The whole model of volunteering is changing, Volunteering NZ chief executive Dr Katie Bruce says, as she helps us kick off the Summer Times series featuring 15 members of New Zealand's essential volunteer workforce.
They are all over the country: from rural firestations and wildlife sanctuaries through to netball courts and gliding clubs and essential services like Search And Rescue and Civil Defence groups.
Without them the country simply would not function, so every day on Summer Times we'll be meeting one of Aotearoa New Zealand's hundreds of thousands of volunteers.
Dr Bruce sets the scene for our 15-part series, and tells Summer Times' Lynn Freeman about the huge scale and invisible nature of volunteering.
"I mean, nearly half of us volunteer, it’s quite incredible, really incredible," she says.
"So much of what we do we don’t even think of as volunteering - like, for example, helping out my son who’s on a school trip right now as we speak, and there are lots of other parents who have given up a bit of their work day and gone along or time from home and gone along to support them.
"[There is] a lot of that invisible stuff that we don’t see and we don’t recognise or value.
"Search and Rescue as an example, 94 percent of people in Search And Rescue are volunteers."
"All of our search and rescue and emergency services are hugely, hugely supported by volunteers and would completely grind to a halt - and I think that’s one of the things that we would notice first if volunteering stopped in New Zealand."
There are concerns a low unemployment rate and a growing population of retirement-age workers could mean a fall in volunteering.
Dr Bruce says the statistics do show something of a paradigm shift.
"More people are getting involved as volunteers, but people are generally putting in less time.
"The whole model is shifting because so many of us are working, people in retirement are often also looking after grandchildren and people say when they’re asked about, you know, ‘what are the things that stop you volunteering or get in the way of your volunteering’ the number one [response] is 'work'."
She says conservation and sport remain popular voluntary pursuits, but others are struggling.
"I think the areas that struggle more are where we have more traditional kinds of volunteering ... traditional op shops or volunteering for social services.
She says young people might see themselves wanting to engage in different ways.
"Having run a youth movement organisation called Just Speak ... often, young people are really impatient for more systemic change.
"The zero carbon bill that’s going through Parliament at the moment - that was designed by young people at Generation Zero years ago, and that kind of invisible activism is core to who we are and really important to be supporting young people to engage in ways that are meaningful to them rather than getting them to fit them into the models that we think are right for them as adults."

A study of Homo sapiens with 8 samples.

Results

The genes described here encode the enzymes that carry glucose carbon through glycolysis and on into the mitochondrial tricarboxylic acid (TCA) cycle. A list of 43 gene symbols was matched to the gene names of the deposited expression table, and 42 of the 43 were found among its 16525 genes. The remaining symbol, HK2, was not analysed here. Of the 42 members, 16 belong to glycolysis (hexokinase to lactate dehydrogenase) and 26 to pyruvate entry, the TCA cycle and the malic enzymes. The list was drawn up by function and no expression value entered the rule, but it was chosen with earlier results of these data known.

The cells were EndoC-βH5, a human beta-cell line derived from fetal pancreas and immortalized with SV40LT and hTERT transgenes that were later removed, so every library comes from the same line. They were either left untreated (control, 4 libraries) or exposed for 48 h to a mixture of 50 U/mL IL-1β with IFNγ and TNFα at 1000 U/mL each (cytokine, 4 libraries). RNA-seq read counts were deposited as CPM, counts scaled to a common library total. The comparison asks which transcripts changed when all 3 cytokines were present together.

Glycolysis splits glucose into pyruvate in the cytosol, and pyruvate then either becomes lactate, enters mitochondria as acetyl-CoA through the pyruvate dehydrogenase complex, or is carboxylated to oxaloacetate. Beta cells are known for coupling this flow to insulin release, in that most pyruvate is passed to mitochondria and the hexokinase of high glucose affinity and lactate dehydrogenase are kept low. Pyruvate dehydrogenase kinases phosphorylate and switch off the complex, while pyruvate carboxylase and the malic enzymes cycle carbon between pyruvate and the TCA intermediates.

She says there are a lot of opportunities for people to help out that they may not be aware of.
"There are so many opportunities now for people to use their skills and volunteer, so if you’re a communications expert or you work in that area you can volunteer for the Community Comms Collective … share your skills with an NGO who needs a bit of support in that area.
"You need support for people to get involved ... I think people really relish the opportunity to take on leadership roles, because that’s essentially what you’re doing."
However, she notes that like the younger generation, older retirees or those working into retirement age are also changing the ways they volunteer.
"They don’t necessarily want to engage in that really long term volunteering just for one organisation, and often now people want to get involved in different project-based things around their own time and what suits them and the other things that they have going on in their lives.
"I think often people don’t really know the options or the opportunities that are available to them, and I think that’s why it’s great getting people involved through their working life and to then continue that on.
"We see so much of this loneliness in older people and actually [when they stop working] a lot of that connection is lost and the sense that you’re valued - and of value - in your community.
"Volunteering is one way in which some people like … to contribute beyond work."
Indeed, there's two factors that drive people to volunteer: skills and endorphins.
"The kind of skills that you can get from volunteering in sport and other things are really quite incredible and [are] things that will help you in the kind of work you want to do as well," she says.
"And the same way that we get from eating food or having sex - those endorphins are actually the same as we get from volunteering. That feel-good factor, there’s real science behind that."